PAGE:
We focus on historic interiors, furniture, and architecture on this blog, but why take our word for it? Today, we are looking at several quotes from people more famous than us about design and antiques. We have shared these quotes alongside a selection of paintings of interiors from the Getty collection.
We will start off with a bit of verse by the American poet, Henry Wadsworth Longfellow, on the virtue of architecture above all arts:
Ah, to build, to build!
That is the noblest art of all the arts.
Painting and sculpture are but images,
Are merely shadows cast by outward things
On stone or canvas, having in themselves
No separate existence. Architecture,
Existing in itself, and not in seeming
A something it is not, surpasses them
As substance shadow.
Hand in hand with architecture is the design of the interior. The renowned tastemaker and designer known for the ‘English country house look,’ Nancy Lancaster, had a list of seven design rules to follow for any interior. The final one goes as follows:
A gentle mix of furniture expresses life and continuity, but it must be a delicious mixture that flows and mixes well. It is a bit like mixing a salad. I am better at mixing rooms than salads.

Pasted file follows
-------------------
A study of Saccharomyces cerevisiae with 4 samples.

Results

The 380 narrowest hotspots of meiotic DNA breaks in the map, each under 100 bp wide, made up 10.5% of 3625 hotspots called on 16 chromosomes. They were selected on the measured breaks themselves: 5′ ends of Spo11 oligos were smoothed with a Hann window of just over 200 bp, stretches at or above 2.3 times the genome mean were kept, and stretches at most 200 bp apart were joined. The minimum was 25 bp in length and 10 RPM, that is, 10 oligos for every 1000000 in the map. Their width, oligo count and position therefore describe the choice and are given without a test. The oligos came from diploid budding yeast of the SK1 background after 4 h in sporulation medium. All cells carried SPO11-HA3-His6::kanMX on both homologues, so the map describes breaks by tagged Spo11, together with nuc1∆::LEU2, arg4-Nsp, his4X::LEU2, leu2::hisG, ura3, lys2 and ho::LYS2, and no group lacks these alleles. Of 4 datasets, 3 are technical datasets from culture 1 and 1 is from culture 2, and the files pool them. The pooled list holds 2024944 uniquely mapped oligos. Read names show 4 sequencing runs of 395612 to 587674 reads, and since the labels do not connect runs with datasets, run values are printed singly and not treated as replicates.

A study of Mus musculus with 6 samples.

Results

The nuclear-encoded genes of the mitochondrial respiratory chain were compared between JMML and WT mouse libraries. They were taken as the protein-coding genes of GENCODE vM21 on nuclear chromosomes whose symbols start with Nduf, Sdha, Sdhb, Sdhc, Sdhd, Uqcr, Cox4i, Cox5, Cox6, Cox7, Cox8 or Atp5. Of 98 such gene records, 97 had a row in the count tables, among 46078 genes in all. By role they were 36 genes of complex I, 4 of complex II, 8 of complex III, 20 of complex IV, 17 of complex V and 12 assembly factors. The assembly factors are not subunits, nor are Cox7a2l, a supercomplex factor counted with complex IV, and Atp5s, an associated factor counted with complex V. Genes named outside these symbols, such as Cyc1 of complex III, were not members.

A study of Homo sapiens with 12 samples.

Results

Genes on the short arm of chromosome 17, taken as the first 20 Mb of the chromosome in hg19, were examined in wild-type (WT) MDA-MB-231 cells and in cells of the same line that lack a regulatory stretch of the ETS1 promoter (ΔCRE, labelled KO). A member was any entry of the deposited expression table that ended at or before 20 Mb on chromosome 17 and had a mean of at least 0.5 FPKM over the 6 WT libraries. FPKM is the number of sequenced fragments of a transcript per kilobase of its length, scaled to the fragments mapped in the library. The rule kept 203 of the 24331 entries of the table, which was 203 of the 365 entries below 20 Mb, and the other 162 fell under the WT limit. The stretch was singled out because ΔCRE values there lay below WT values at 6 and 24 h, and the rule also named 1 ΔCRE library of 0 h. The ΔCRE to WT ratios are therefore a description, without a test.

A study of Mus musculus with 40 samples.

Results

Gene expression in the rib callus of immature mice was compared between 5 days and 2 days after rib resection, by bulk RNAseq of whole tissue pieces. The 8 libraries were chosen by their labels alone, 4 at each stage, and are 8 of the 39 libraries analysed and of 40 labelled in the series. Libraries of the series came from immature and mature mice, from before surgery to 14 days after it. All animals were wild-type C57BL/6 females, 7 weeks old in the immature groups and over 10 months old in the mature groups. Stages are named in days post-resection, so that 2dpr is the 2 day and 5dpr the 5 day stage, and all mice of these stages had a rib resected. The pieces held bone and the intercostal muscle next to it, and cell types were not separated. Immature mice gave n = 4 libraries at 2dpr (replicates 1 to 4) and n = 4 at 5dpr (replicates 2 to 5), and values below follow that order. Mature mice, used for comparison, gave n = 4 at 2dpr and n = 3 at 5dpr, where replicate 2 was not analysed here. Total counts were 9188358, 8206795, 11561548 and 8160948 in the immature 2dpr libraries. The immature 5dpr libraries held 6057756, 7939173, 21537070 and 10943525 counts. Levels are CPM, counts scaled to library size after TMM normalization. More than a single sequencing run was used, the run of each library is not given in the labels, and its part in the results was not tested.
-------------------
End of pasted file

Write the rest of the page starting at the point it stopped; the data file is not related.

Another fan of ‘mixing’ was one of the first ladies in America. After Nancy Reagan visited Andrew Lloyd Webber’s apartment in New York, which had recently been designed by Robert Kime, she proclaimed,
It’s madly clever. Nothing matches.
But not everyone agrees all the time. Take the following two approaches to design that could not be farther apart. Mies van der Rohe, one of the champions of modernist architecture, famously said,
Less is more.
The American architect Robert Venturi had a different take on the same idea. He once promoted the concept
Less is a bore.
We will leave it to you to decide which statement is more fitting… or maybe they both are!